What defines development? Surely everyone would agree to the fact that education is one of the pillars to equitable and sustainable economic growth. However, despite the lapse of more than two years since the end of the war, Sri Lanka’s expenditure on education remains abysmally low.
A new report launched by the World Bank over the weekend points out that Sri Lanka’s investment in education is the lowest from middle income countries. It points out that the education expenditure as a percentage of Gross Domestic Product (GDP) is only 1.9% and as a portion of the Government Budget is only 7.3%.
This is the smallest share of public investment in education amongst a cluster of countries that share common features with Sri Lanka. Public investment in education in Sri Lanka falls below the level of East Asian countries such as South Korea, Malaysia, Thailand and Singapore.
This is not all; it also falls behind Latin American countries and even South Asian countries such as India, Bangladesh, Pakistan and Nepal. It is also well below the share of investment for middle income countries as a whole. In fact, advanced middle income countries normally invest about 4.6% of their national income on education, which is more than double what Sri Lanka expends.
Much attention is paid to upgrading graduates, but what policy makers and people seem to have forgotten is that for a competent finished product, the starting process must be equally fertile. After many decades of neglect, politicisation and disorganised restructuring, the primary school system and classes up to Advanced Level need a massive boost of funding and planning.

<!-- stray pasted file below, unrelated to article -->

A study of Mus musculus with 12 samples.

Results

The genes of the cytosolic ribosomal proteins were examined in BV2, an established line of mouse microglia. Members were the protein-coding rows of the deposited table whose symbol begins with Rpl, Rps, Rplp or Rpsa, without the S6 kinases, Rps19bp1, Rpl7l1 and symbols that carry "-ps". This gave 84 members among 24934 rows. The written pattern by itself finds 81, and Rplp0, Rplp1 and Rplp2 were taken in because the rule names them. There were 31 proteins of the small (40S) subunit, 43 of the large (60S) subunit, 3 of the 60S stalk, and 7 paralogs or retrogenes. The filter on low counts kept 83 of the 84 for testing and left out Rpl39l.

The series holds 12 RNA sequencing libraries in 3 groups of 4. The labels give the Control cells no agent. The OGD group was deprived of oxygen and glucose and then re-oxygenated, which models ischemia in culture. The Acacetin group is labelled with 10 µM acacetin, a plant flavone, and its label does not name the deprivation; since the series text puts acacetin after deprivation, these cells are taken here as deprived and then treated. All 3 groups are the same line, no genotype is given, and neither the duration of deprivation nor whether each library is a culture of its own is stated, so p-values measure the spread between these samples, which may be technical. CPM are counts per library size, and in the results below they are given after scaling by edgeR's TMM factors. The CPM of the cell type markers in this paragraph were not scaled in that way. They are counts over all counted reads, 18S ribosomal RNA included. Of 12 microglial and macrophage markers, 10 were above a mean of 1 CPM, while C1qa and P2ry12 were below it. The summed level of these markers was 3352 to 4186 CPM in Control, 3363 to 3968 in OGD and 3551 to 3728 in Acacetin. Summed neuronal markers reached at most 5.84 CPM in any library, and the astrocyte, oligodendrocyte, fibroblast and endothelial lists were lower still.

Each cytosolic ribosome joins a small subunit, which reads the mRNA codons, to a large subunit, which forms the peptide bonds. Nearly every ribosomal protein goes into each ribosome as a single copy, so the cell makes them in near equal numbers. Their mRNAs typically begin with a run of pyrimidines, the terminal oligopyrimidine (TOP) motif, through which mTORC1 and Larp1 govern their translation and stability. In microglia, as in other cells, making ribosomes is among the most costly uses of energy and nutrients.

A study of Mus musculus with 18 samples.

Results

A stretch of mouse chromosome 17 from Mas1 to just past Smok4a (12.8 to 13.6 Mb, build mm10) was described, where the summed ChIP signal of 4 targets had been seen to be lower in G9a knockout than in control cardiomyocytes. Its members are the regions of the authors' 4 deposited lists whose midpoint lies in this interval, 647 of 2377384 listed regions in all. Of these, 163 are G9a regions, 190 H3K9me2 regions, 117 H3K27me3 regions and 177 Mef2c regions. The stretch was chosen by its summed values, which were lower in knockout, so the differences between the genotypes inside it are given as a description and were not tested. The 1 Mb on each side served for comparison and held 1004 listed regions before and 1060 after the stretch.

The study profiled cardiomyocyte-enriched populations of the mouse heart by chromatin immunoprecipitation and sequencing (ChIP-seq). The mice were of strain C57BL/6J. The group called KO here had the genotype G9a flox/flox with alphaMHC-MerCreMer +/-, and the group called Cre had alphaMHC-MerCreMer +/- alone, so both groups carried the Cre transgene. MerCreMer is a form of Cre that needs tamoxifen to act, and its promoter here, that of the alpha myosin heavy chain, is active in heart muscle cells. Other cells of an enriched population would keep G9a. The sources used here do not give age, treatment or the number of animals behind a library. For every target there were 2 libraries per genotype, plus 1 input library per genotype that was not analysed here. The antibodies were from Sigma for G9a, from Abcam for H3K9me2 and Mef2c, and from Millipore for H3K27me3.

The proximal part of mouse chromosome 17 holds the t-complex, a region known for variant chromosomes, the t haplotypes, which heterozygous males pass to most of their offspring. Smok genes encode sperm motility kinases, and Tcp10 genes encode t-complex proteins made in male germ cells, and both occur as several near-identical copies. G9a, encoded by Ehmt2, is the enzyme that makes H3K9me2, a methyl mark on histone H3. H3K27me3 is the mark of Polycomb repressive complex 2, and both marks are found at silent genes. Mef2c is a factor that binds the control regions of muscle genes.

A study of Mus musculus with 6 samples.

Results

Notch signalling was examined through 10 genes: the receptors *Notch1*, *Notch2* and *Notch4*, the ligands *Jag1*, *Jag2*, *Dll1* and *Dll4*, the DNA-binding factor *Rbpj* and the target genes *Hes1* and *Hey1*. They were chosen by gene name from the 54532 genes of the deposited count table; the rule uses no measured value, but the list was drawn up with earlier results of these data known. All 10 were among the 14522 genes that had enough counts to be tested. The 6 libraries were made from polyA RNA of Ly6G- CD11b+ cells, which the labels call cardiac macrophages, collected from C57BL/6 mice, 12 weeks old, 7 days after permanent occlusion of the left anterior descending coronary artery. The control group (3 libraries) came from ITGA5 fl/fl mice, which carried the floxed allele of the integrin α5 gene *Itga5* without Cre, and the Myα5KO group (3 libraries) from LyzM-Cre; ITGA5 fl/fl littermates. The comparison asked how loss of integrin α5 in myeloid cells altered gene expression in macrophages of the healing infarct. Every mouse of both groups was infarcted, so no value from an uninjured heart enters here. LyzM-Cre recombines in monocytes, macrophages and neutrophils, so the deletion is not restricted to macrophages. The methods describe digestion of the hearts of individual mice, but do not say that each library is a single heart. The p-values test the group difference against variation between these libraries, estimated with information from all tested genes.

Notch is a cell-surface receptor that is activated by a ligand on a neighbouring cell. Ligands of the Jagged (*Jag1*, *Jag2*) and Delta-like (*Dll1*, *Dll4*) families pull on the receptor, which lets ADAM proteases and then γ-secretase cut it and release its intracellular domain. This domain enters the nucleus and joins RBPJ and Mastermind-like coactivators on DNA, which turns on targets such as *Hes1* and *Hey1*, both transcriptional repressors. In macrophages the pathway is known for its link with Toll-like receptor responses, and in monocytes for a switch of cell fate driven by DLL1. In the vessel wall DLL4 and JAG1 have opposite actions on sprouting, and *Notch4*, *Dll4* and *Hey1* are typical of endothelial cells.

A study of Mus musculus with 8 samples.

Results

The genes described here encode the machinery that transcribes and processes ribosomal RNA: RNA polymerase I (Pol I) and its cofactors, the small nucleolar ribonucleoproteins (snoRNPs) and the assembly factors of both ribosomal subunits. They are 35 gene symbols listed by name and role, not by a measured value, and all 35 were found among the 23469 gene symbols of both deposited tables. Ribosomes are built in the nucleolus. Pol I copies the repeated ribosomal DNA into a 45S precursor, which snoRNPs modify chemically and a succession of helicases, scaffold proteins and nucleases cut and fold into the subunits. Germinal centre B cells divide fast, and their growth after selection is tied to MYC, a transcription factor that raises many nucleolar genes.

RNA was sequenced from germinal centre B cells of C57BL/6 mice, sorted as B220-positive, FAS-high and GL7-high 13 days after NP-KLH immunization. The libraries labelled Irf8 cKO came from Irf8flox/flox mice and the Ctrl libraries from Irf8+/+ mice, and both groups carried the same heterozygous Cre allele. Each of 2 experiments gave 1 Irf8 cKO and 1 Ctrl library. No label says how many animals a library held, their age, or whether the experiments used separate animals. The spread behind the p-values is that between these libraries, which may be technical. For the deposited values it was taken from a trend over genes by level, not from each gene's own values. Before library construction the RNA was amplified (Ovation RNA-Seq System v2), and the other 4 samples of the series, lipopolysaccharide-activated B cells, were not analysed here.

The report points out that Sri Lanka faces a set of major challenges as it seeks to ascend the ladder of middle income countries. Firstly, the development strategy for schools needs to be communicated widely among the education community and broad ownership generated. Local syllabi are set to change in 2014/15, but there is still little clear idea among the general public of what this will entail. Such disregard for stakeholder participation means that the implementation processes will be fraught with hurdles.
Since school education is an ever-evolving process, it needs consistent commitment from political authorities. The process needs to learn from its past and target interventions that directly benefit schools and students. When opponents present their case, the leaders of education need to build bridges and ensure that their concerns are heard and addressed.
Schools lagging behind need attention. Often these are ignored or simply closed down. The evaluation process of schools needs to change so that ‘privileged’ Colombo schools can have the pressure eased off them at least to some extent and more students have the chance to be judged by their talents rather than the school that they attended. Gathering all interested parties including media and empowering them to understand and constructively contribute to educational change will also make the process easier.
Prolonged protectionism can have the adverse affect of encouraging ‘black money’ to be invested in the education system, the report points out. It contends that unless a more streamlined legal process is established for funds to flow in a transparent manner, the inadequacy of public investment will create room for substandard educational institutions to enter the sphere – a fear that is already portrayed in reality.
Education has a very real impact on the future of a country and unless Sri Lanka concentrates on better management, the potential of the next generation will not be achieved.